Effluent filters are devices that can be affixed to outlets of septic tanks and grease traps. The filter is a primary screening barrier designed to reduce the volume of solids passing out of the tank and through to the soil absorption system (SAS). If you were to pour unfiltered effluent from a septic tank into a clear glass and hold it up to the light, you would see that there are many fine particles of organic matter (and some inorganic material like fine grit) floating around.
These particles, some barely visible to the human eye (and some that aren’t) are referred to as suspended solids. The measure of their abundance is referred to as Total Suspended Solids or TSS. The average TSS values from residences is 60-120 PPM. When these particles pass out of the septic tank into the leachfield, they settle in the small spaces between the soil, reducing the capacity of the soil to drain away the effluent.
Given enough time, and aerobic (free exchange of oxygen) conditions, many of these organic particles break down into the basic components of water, carbon dioxide, and other simpler compounds. If too much of this organic matter is deposited on the soil interface however, the soil spaces clog and ponding of the effluent in the leach field occurs. This results in anaerobic (no oxygen) conditions further impeding the complete breakdown of wastes.
By retaining more of the suspended solids in the septic tank and reducing the amount of organic material that “demands” oxygen to breakdown (technically this is called reducing the Biochemical Oxygen Demand or BOD) that passes into the leach field, the performance of the leach field in breaking down waste can be improved.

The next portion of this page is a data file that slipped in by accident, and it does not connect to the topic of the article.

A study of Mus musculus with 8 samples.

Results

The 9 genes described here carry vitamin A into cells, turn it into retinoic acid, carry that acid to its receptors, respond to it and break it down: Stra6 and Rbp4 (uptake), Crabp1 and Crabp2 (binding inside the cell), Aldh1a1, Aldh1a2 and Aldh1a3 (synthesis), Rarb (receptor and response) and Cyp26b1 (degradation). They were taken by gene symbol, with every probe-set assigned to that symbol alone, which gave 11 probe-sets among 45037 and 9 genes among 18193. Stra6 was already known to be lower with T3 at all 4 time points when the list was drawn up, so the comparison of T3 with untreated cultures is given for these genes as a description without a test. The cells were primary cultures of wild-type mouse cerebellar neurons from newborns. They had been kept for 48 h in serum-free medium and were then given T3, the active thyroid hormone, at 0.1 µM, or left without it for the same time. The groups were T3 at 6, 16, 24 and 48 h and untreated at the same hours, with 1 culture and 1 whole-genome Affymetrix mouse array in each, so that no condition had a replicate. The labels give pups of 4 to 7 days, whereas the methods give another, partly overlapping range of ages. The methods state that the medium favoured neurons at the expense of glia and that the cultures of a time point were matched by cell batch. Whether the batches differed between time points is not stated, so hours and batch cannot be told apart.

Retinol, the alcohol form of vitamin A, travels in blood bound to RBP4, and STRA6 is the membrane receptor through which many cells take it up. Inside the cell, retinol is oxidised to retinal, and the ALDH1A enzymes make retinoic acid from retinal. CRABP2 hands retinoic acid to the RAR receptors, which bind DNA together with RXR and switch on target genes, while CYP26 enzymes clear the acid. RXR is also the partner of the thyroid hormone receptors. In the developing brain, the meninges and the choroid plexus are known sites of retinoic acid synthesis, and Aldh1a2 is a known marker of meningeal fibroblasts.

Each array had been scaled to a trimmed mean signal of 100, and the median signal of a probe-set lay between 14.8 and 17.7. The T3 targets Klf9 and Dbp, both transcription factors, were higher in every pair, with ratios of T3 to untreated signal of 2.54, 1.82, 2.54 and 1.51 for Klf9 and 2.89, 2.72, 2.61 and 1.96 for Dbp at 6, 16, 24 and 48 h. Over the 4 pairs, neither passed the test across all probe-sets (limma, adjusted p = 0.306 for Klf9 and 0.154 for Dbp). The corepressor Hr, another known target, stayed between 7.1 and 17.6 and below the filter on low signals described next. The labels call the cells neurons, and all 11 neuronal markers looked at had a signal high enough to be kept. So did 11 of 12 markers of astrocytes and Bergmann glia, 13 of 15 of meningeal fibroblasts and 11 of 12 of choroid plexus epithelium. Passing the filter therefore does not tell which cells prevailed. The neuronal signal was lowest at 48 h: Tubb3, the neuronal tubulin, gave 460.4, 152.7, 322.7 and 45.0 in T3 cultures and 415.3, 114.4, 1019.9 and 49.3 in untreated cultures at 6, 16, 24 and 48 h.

This results in a longer leach field “life”. The goal of a good effluent filter is to do exactly this – prevent the passage of suspended organic and inorganic materials into the leach field, while not impeding the flow of effluent to the point where it backs up into the building. Effluent filters perform this function by providing either screens or directing the flow across areas where the suspended material becomes trapped or settles out.
The effluent filter is most commonly a simple device that fits into the discharge tee of a septic tank. New tanks can easily accommodate the filter installation, while previously installed tanks can often be retrofitted. In some cases, where an effluent filter is desired but a precast baffle is in place (as opposed to a PVC sanitary tee) it may be necessary to install a filter chamber along the outlet pipe between the tank and D-box.
In addition to acting as a filter, the effluent screen acts as a substrate on which organisms can grow and digest the trapped waste. The mass of organisms and trapped waste eventually grows on the filter to the point where the weight causes it to slough off into the tank below and undergo subsequent anaerobic digestion.
Please contact Affordable Pumping Services for additional information or to schedule the installation of an effluent filter.